A new album and incredible live show suggests that there’s more to come from Noisia

  • Words: Dave Jenkins | Photos: Conor Beary
  • 14 October 2016

A giant spaceship has crash-landed in an abandoned Czech military airfield. Eighty metres long and 20 metres high, its construction defies our understanding of aerodynamics. Its lasers and beams surpass our knowledge of light-speed. Its reflective textures radiate unlike any manmade material. No one knows where it’s from or how it got here; the airfield has been cordoned off from the rest of the known world. Its inhabitants are now under martial law, enforced by some of the biggest d’n’b DJs imaginable. Welcome to Let It Roll festival.

Five hours have passed since the ship first crash-landed. Friction, Wilkinson, Andy C and Netsky have all applied their own sonic law enforcement. There’s no other event on this scale dedicated to drum’n’bass, and the young, international junglist crowd bray at every sense-blurring double drop, VIP and dubplate. But now things look set to get serious, as three dark figures hooded in LED-rimmed shrouds take to the ship’s viewing platform with an even darker, sharper and more complex message.

A contrast to the rolling 170bpm consistency that’s gone before, these men communicate at a variety of tempos with a unique musical vocabulary and visuals unlike any of the previous acts. Their arrival is heralded by the organ-blasting ‘Anomaly’, one of d’n’b’s most-played tunes this season.

Before you can say “take me to your leader”, switches are flipped again. The sci-fi salvo of ‘Collider’ causes 25,000 fans to melt into an en-mass goosebump, before a brutish 13bpm breakbeat groove shifts us all five feet forward. ‘The Entangled’ follows, a spiked-out cathedral of a composition that, while d’n’b is its DNA, would sit just as comfortably on the palates of fans of Modeselektor or Justice.

Just like Let It Roll’s epic main stage and its surrounding high-production stages, everything about this entire performance is another level. Leaders? Both on this alien spaceship and the more abstract idea of a bass music field, Noisia are the only real leaders right now.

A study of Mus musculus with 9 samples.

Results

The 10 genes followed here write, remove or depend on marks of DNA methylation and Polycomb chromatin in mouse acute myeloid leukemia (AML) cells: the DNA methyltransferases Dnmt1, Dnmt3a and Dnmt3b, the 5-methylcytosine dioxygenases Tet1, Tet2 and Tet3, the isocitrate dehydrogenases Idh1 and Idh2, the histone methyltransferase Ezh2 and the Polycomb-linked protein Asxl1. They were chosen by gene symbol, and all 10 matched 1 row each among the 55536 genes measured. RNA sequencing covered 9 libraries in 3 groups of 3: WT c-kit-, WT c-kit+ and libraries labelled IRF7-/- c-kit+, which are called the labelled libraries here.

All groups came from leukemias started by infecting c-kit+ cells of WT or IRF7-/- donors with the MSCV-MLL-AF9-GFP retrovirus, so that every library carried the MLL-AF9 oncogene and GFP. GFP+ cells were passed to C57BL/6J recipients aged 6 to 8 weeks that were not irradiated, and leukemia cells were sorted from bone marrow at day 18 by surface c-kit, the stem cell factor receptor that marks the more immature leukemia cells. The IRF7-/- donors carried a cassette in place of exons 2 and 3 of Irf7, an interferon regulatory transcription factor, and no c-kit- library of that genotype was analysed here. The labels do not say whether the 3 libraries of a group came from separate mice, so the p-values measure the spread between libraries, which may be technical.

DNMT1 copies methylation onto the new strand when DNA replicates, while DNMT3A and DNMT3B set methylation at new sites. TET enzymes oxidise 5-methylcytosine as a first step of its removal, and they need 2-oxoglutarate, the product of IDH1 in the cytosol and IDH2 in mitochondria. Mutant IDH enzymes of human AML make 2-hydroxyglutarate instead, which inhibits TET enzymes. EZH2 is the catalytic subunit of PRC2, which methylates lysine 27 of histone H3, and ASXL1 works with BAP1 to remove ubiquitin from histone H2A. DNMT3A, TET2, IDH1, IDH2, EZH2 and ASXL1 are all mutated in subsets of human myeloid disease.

On the edge

“It’s the way we’ve set up our business. If we have an idea, we can go ahead and do it,” smiles shaven-headed 32-year-old Nik Roos, 12 hours later in the sunny garden of a five star hotel. No longer in his dark Jedi-style robes, he’s kicking back in vest and shorts, looking more like a holidaymaker than a spaceship captain. He’s flanked by long-haired Thijs de Vlieger (34), a tall, sincere man who boasts a constant furrowed brow and sharp wit. Martijn van Sonderen (32) is absent, having departed for a DJ set at another festival, leaving Nik and Thijs to host their ‘Noisia Invites’ stage at Let It Roll later that night.

“This whole show began as us sitting in a room and me saying ‘hey, let’s try making hoods with visuals and all this complex stuff’. Right before the show I was thinking ‘Jesus, this was a pretty fucking random idea’. Now we’re standing here, I hope it all works!’”

The ‘Outer Edges’ show is the grandest Noisia performance to date. A complicated, unique concept of real-time-triggered visuals and Ableton-performed beats, it’s a spectacular showcase of their own material. Some of it is plundered from their now 13-year old repertoire, but most is taken from their boundary-busting, brain-burning second album ‘Outer Edges’. In Thijs’s words, they’ve “waited for so long to do something on this scale”.

A web of networks, relays, MIDI triggers, custom graphics and a bespoke-configured modular set-up, it’s an ambitious performance – just like everything else they’ve pulled off since forming in 2002.